200 and counting: Why small parties never die out in Uttar Pradesh
Forming a small party keeps leaders alive in politics. And it offers them a good platform to bargain with the bigger players.
Lucknow: There’s something about elections in Uttar Pradesh. They bring alive the politician and political ambition even in ordinary people. Many parties are formed just before the big event. Their leaders hog the limelight, regale the world with interesting sound bytes and slip into hibernation soon after the results are out. For those not in the know, the state has about 200 political parties.
The brand new addition to the list arrived a couple of days ago in the form of the Nav Bharat Democratic Party. Launched by RK Mishra, a product of IIT Kanpur, it promises to change Uttar Pradesh for the better. Calling UP his janmabhoomi (birthplace), he said: ”People gave a clear mandate to two different parties successively but none could bring any change. Rather both indulged in the politics of vote bank and freebies. People in the state are frustrated and looking for a change. Nav Bharat will fill this gap.” Of course, we have heard all this before. But what’s the logic behind the creation of such parties?
“They are small in nature and number but when it comes to formation of an alliance these parties play a big role,” says political analyst Surendra Rajput. Small parties aim to strike post poll deals with national parties and be the part of big alliances. However, the formula has not succeed in the state in the last two elections as the Bahujan Samaj Party (BSP) followed by the Samajwadi Party (SP) gained sweeping majorities. Some parties are fronts for bigger parties and formed with the sole purpose of cutting into the rivals’ votes.
Some are launched by big politicians thrown out of parties. Kalyan Singh of the BJP and RK Chowdhary of the BSP formed the Rashtriya Kranti Party and the Rashtriya Swabhiman Party respectively in similar circumstances. These organisations helped Singh and Chowdhary survive in politics for years. Today, both are back in their parent organisations and their parties have merged with the latter.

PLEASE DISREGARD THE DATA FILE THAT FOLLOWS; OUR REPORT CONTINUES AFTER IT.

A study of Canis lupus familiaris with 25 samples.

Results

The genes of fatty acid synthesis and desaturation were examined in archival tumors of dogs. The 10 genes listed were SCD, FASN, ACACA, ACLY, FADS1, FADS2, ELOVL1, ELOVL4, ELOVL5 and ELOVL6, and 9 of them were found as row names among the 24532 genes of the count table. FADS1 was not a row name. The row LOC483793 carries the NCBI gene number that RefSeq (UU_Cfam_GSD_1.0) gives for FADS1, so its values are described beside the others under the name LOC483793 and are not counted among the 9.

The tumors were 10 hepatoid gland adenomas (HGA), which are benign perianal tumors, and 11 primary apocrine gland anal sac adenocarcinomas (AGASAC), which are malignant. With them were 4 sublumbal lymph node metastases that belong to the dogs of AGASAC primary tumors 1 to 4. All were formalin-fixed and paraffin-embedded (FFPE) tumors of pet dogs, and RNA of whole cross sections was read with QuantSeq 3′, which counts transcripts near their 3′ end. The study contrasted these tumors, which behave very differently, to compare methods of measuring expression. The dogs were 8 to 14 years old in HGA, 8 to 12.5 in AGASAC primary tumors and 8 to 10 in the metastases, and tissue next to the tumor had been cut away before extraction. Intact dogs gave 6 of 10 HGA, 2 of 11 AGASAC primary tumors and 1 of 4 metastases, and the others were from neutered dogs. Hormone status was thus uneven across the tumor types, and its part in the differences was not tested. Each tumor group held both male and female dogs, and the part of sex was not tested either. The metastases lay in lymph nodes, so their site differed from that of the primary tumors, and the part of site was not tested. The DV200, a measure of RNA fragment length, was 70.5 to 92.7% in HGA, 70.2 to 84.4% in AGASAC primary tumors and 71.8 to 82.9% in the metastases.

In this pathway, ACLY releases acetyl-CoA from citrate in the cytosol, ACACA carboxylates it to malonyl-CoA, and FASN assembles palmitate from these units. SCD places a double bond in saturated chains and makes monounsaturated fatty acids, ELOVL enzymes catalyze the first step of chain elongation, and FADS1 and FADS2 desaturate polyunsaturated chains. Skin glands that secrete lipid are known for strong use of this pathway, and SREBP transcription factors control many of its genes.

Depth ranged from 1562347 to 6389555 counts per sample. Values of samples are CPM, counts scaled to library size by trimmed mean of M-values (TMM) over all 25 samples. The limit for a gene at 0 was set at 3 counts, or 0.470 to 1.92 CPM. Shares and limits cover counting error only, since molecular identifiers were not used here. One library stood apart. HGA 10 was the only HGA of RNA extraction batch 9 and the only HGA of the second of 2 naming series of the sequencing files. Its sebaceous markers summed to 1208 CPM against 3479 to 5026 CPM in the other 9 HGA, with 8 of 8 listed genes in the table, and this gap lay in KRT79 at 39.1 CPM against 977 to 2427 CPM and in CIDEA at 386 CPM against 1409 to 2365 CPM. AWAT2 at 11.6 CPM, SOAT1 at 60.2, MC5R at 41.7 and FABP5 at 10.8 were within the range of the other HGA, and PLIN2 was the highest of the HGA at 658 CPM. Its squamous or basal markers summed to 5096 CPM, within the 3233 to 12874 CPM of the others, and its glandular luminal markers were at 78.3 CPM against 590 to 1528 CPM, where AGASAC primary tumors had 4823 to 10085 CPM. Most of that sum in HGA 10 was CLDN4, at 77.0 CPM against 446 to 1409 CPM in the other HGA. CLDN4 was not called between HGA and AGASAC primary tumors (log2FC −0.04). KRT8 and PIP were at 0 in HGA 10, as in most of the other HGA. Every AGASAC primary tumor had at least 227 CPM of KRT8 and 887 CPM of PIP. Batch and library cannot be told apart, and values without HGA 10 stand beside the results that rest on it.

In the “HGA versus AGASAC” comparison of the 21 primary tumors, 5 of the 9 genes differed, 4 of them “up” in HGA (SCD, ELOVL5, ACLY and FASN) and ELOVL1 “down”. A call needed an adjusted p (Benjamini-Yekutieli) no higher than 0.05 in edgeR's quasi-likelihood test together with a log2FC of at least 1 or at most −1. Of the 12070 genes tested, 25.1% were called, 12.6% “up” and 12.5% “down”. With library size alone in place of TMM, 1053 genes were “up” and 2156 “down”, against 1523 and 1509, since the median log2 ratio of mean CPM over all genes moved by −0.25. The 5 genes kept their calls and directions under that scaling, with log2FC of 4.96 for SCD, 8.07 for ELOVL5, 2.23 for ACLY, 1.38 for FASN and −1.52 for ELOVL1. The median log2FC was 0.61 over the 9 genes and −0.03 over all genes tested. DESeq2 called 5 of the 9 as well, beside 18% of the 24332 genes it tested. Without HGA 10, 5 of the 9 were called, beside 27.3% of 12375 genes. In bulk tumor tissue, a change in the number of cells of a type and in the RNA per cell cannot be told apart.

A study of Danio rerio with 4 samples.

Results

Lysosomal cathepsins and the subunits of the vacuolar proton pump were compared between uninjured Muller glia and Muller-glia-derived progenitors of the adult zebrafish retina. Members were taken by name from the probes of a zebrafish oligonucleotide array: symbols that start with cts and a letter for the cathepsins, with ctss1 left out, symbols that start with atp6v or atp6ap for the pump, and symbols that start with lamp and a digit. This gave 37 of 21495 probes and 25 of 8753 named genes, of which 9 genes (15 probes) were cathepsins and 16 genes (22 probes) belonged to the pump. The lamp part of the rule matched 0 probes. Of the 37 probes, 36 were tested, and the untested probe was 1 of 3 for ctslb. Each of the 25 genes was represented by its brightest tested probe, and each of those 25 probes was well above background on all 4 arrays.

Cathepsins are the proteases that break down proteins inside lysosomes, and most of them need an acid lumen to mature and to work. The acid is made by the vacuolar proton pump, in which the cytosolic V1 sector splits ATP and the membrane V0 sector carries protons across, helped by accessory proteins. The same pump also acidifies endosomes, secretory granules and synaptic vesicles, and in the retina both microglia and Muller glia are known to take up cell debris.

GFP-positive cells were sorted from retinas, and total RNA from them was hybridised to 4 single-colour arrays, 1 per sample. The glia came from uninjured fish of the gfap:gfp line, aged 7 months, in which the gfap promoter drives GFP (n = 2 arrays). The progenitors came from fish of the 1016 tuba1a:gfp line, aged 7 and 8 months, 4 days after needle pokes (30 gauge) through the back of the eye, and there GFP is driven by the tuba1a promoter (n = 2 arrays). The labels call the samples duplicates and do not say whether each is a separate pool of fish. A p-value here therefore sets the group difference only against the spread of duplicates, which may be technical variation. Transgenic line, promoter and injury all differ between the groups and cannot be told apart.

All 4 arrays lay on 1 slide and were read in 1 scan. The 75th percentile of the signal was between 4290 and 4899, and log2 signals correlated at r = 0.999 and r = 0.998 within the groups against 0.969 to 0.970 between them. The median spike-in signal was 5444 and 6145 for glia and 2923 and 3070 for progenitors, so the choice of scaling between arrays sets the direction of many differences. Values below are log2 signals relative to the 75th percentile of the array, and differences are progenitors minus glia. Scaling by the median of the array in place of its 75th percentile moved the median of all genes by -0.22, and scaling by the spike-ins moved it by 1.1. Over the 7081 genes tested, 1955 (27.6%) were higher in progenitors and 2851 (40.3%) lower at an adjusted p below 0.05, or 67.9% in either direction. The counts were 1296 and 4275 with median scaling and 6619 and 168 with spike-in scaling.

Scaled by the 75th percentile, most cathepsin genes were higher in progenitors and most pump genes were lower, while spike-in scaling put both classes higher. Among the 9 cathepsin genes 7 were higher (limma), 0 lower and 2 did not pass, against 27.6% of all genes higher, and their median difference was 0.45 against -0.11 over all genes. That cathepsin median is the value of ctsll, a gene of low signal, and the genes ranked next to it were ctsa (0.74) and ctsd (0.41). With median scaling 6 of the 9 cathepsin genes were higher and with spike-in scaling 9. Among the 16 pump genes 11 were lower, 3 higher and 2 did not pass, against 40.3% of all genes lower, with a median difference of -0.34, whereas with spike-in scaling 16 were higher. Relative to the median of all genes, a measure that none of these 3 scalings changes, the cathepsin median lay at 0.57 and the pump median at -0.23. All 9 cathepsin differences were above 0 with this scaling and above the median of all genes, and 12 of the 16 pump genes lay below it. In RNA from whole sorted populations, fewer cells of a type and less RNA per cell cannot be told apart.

“For a politician it is a matter of survival whether or not in power. Forming a small party maintains their leadership status and help them consolidate their supporters (mostly fellow caste members),” explains a close confidante of Kalyan Singh. It is a fact that the small outfits always thrive on a caste base.
Even Amar Singh, who has been in political wilderness after being thrown out of the Samajwadi Party, has been busy in politics through Rashtriya Lok Manch. Though he keeps claiming that he does not aspire for any political post anymore, it is known that he wants to secure the political future of Jaya Prada who has been with him through thick and thin.
However, not all is hunky-dory with small parties. These are often shelters for criminals and people abandoned by their parties for bad conduct. Peace Party, which was in news during the assembly elections, is the best example. Many of its leaders were tainted characters kicked out of the BSP. The party’s founder, Dr Ayub, has denied existence of such elements in his outfit though. The Peace Party, aimed at moblising Muslims in the lower strata of the society into a vote bank, proved a dud in the assembly elections. Its only contribution was to check consolidation of Muslim votes, especially in the eastern UP, where Dr Ayub has his base.
If someone expected that the recent Supreme Court order banning people from contesting elections from behind the bars would keep criminals off politics, the reality is different. Notorious figures such as Mukhtar Ansari, DP Yadav, Brajesh Singh, Atiq Ahmad and Amarmani Tripathi have used outfits such as the Kaumi Ekta Manch, the Rashtriya Parivartan Dal, the Mahaan Dal, the Bhartiya Samaj Party, the Pragatisheel Manav Party and the like to their advantage in the past. They are again busy calculating their prospects in the coming parliamentary polls through fresh alliances.
These parties, facing the problem of survival, have learnt to join hands with their peers and in the last assembly elections a group of about a dozen small parties formed a front to contest all the seats in Uttar Pradesh.